Kilburn Gaels forward Stephen Lambert.

Kilburn Gaels on the right road again
















Kilburn Gaels were quickly competing for honours too. “It wasn't too bad, the hurling was still strong enough here at the time,” Bergin recalls.

“We hurled Intermediate for a couple of years and we won the Intermediate Championship, the League and one of the Cups in 2000. So we went up senior and we have been up senior since.”

Small, but significant steps were taken as Kilburn earned respect. “In 2003 we won our first senior competition, the Collins Cup, so that was another big boost to us. We have been knocking on the door ever since, we won a couple of Ryan Cups, Collins Cups and Leagues since and in 2010 that was our first Championship.

“2014 was the next one and we are in another final now so we have been building steadily. Once we got up in 2000 we have held our own after that.”

The turnover of players is simply the way it is in London Bergin accepts. The County Board are admirably trying to increase the amount of London born players youngsters in Gaelic Football, but that is difficult to achieve with hurling. Kilburn Gaels’ junior panel does feature several home grown players.

“We have a few London born fellas involved in our second team, our junior team,” Bergin remarks. “There is none of them involved in the senior squad. It is hard for them. It is easier with football because any lad that plays soccer or rugby can pick up the football, whereas hurling you have to be at it from when you are very young.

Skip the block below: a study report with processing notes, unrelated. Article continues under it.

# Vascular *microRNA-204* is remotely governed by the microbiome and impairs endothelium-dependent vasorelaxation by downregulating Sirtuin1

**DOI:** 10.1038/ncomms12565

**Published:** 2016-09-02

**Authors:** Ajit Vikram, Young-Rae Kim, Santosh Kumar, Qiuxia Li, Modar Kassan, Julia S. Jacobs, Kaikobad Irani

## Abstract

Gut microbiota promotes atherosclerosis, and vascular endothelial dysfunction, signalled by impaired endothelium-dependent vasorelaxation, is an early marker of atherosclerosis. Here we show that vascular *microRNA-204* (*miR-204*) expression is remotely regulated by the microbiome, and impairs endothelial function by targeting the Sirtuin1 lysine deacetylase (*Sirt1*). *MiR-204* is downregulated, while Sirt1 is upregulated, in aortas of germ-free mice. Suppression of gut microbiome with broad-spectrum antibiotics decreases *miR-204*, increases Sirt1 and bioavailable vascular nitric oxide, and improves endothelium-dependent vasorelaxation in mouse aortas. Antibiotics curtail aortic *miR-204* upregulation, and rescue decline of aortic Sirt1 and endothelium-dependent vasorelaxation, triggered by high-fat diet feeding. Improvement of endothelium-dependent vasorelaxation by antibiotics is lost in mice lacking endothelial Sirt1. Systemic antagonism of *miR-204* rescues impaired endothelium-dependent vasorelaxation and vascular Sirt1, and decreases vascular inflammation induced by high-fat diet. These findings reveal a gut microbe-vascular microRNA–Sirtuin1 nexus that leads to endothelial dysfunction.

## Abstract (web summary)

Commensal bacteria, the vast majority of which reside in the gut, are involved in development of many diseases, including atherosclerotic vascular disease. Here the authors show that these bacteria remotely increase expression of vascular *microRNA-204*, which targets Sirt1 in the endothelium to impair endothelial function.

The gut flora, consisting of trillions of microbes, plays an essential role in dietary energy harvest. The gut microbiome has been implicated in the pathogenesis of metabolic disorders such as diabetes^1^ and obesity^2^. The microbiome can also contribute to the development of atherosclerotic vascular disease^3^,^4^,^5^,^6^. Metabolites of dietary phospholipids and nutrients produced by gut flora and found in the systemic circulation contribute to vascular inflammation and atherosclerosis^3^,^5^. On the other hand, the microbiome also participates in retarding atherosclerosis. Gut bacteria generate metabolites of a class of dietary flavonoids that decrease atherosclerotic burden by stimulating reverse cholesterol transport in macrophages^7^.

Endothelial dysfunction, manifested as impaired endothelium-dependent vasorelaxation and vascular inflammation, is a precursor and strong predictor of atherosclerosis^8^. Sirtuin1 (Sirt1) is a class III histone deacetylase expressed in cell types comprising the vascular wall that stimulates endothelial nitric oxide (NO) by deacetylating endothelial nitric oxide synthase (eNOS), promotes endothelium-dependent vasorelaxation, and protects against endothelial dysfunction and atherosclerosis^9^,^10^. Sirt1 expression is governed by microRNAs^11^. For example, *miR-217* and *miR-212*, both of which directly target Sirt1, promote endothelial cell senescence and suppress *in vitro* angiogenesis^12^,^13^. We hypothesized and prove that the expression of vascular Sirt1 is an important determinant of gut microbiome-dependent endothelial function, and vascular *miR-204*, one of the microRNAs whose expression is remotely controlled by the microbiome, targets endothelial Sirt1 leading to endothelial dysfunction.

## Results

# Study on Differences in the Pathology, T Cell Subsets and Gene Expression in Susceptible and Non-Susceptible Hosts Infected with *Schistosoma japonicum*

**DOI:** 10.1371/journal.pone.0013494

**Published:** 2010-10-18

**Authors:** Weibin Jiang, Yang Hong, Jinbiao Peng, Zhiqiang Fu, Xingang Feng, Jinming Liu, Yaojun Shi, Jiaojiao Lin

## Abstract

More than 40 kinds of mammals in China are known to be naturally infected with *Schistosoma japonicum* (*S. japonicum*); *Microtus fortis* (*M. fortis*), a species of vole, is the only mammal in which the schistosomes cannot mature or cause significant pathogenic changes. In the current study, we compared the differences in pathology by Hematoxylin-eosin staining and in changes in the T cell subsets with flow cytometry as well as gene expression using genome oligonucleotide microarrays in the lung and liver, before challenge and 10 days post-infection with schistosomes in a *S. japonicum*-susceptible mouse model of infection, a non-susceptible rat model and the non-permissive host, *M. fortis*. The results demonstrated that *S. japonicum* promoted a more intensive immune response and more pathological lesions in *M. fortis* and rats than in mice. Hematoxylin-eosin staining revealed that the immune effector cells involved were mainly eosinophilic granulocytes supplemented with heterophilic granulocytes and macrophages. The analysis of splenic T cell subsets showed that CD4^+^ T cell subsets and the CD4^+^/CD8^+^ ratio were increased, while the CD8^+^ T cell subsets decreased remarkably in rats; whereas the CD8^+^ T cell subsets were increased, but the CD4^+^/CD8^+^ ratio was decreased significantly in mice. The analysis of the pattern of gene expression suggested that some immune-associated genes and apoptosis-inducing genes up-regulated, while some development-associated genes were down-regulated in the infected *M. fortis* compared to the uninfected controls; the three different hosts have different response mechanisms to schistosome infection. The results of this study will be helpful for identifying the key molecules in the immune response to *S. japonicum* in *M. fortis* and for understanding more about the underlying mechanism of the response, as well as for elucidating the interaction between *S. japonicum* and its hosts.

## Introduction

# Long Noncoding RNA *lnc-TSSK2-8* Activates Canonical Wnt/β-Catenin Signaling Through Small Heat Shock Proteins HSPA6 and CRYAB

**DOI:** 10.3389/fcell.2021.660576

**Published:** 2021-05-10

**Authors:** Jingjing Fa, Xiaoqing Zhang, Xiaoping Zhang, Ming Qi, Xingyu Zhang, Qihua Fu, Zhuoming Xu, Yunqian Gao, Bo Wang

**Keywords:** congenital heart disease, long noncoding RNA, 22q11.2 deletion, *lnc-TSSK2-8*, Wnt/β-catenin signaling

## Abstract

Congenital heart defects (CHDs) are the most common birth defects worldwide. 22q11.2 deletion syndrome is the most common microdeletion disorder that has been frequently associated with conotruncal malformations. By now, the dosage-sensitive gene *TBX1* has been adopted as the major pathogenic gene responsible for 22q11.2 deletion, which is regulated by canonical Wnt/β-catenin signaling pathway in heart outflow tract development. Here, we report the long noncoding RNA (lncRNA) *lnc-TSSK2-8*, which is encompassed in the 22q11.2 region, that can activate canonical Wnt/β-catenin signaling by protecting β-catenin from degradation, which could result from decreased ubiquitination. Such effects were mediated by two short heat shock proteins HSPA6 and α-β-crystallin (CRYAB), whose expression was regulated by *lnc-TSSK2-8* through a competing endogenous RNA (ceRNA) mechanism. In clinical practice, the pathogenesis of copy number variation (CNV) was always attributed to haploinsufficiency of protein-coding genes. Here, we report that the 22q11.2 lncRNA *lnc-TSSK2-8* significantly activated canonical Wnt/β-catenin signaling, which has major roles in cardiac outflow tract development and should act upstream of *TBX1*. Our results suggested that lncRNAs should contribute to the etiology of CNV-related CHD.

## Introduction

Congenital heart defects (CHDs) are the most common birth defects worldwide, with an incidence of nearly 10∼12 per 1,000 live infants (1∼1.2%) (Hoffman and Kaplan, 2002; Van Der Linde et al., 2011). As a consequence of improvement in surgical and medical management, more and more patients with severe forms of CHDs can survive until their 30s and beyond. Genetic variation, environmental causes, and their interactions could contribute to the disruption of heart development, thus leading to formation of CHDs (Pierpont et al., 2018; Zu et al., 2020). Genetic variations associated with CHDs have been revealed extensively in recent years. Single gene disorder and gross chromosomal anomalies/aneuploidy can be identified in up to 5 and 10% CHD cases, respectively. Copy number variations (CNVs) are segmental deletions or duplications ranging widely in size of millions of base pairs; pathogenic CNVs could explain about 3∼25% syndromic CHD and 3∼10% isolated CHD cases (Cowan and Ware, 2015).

“Watch a club match at home, all the young lads and girls are pucking around beforehand. Then half-time comes they are out again, you'd see them all sizes. Lads 18 or 19 maybe not making their senior team, but still good down to four and five year olds. It is in the tradition, you have it in the schools at home, you obviously don't have it here. You'd like to think it could start off.

“Half of the junior team are second generation Irish, but a lot of them don't keep it going either because they get other interests.

“Lads go away to college and whatever. If a lad goes away in Ireland he can go home at the weekends, there is plenty of hurling for them. If you go to college in Sheffield or Liverpool there is very little hurling, there might be some football in Liverpool, but there is nothing to hold them playing.

“If they aren't there every weekend they lose out and they drift away from it here compared to at home.”

From all over London, hurlers flock to Highgate on Tuesday and Thursday evenings throughout the year, Bergin is there providing coaching and assistance. Returning to a County Final is a demanding task against Emmetts, who are the current standard bearers.

“They are going for three in a row and they will be hard beat,” Bergin acknowledges. “They have some new lads, but the backbone of the two in a row so far are there.

“They have experience of being in a final and everything else. We will give it a blast to see how we get on, but they'd be clear favourites for the title.” Regardless of the result Bergin’s work will continue, hurling and sport will always be relevant.